F2Pool Founder Estimates 600,000 Bitcoin Miners Were Forced To Shut Down Because of Low Prices

Bitcoin mining is all about getting money, what happens when you stop to get money for your effort. Shixing Mao, the founder of F2pool, the third-largest Bitcoin mining pool in the world at the moment, has affirmed that about 600,000 Bitcoin miners simply decided to shut down operations in the last two weeks because of the mining crisis we are currently having.

Mao was originally interviewed by Coindesk, when he said that his company has ways to find out that older mining machines are struggling to have profits while mining because of the ever falling Bitcoin prices.

According to Blockchain.info, the Bitcoin hash rate has fallen from around 47 million tera hashes per second (TH/S) to only 41 million TH/s from a period that started on November 10 and ended on November 24.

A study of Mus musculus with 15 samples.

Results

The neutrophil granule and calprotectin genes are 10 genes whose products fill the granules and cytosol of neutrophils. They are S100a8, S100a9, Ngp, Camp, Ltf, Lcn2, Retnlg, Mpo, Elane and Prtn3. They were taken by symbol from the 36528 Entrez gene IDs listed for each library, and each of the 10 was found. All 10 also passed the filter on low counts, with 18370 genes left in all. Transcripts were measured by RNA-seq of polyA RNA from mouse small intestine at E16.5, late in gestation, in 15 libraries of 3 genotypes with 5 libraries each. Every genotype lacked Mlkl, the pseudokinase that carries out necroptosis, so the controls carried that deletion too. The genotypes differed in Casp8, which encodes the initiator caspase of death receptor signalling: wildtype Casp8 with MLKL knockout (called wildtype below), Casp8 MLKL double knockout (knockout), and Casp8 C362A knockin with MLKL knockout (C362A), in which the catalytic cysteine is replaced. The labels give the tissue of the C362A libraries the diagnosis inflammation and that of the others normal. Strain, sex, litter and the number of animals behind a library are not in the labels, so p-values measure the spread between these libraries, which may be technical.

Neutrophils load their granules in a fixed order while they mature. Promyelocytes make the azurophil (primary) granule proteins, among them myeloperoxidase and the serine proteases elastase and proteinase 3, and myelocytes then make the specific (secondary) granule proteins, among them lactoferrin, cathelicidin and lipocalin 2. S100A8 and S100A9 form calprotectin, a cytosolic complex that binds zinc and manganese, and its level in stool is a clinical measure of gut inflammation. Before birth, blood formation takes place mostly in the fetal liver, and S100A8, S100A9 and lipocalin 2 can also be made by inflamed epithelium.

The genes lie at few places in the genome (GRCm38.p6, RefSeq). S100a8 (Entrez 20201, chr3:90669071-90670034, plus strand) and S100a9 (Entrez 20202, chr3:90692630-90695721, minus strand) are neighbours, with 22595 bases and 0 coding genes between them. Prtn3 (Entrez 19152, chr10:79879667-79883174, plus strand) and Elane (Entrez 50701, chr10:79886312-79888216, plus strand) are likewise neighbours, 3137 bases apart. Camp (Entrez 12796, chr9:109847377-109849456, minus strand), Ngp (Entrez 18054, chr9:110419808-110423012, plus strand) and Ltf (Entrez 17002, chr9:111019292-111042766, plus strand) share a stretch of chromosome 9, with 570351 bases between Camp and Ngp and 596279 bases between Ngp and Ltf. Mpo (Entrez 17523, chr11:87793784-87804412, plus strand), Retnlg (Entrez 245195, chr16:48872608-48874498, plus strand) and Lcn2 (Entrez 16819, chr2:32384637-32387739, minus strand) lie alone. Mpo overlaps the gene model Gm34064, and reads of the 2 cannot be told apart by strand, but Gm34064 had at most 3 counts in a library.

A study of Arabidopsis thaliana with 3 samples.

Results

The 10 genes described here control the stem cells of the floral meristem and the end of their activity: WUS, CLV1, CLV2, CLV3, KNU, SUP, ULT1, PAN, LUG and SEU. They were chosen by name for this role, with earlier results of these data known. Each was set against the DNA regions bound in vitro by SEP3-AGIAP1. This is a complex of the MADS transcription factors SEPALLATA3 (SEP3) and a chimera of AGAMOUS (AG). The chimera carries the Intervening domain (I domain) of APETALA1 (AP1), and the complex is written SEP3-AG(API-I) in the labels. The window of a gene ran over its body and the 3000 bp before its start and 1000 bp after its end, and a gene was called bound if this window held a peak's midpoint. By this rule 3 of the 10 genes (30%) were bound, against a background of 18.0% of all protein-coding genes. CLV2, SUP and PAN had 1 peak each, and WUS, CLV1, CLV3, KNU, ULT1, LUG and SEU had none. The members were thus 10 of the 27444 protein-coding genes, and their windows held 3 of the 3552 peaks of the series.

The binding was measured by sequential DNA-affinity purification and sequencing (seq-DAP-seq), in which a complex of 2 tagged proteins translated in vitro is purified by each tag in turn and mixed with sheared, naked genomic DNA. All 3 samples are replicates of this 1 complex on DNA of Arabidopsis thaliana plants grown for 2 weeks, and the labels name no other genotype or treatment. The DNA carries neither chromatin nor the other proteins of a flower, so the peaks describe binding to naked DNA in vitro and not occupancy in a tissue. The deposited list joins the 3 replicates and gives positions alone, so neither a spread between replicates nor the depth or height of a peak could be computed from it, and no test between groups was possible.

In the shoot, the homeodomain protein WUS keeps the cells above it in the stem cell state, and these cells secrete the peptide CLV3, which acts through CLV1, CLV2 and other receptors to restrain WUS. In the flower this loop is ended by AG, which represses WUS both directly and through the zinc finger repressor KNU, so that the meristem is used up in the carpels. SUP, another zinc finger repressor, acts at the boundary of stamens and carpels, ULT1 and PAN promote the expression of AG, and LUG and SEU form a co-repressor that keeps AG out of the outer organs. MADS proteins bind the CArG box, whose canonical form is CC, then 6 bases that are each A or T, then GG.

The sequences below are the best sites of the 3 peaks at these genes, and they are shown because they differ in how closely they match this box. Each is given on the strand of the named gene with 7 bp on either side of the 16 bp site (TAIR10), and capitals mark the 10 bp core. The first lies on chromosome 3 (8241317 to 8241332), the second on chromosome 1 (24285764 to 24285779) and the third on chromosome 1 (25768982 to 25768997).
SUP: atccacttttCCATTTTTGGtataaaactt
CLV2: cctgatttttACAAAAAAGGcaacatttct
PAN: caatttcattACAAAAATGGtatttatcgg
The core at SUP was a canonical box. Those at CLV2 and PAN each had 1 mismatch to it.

F2pool, Mao affirms, has also seen a decline of 10% in its total hash rate in the last few weeks. Most of these miners, Mao believe, are in China. Why? Because of a combination. At the same time that the prices are falling around the whole world, the price of electricity has increased in China and old machines are not competitive anymore there.

People are having to sell these miners for recycling instead of selling them for other miners because no one is interested in this old hardware anymore.

The Winter Is Here And Another One Is Coming

Despite the metaphorical winter described by McAfee when he stated that people panicked and oversold Bitcoin, the real winter is coming in China and this is taking many miners out of the game. The main problem here is that, during the Winter, it is drier in China and it rains far less often. Because of this, water-based power plans make the electricity price go up.

With Bitcoin falling and going to below $4,000 USD, its 13-month low, machines that were being used in 2016 and 2017 are simply too slow to generate any profits anymore.

Bitcoin’s main chance to get is miners back is all about how dynamic the process is, though. With fewer people mining, the difficulty adjusts and it gets easier to mine. The last days have seen a decline in 5% in the difficulty.

Because of this, some miners who opted to continue might start to see more profits now, which will help to regulate the market in the end. However, we all know that Bitcoin mining will not be as interesting as it was before unless the prices get up and get out of the gutter.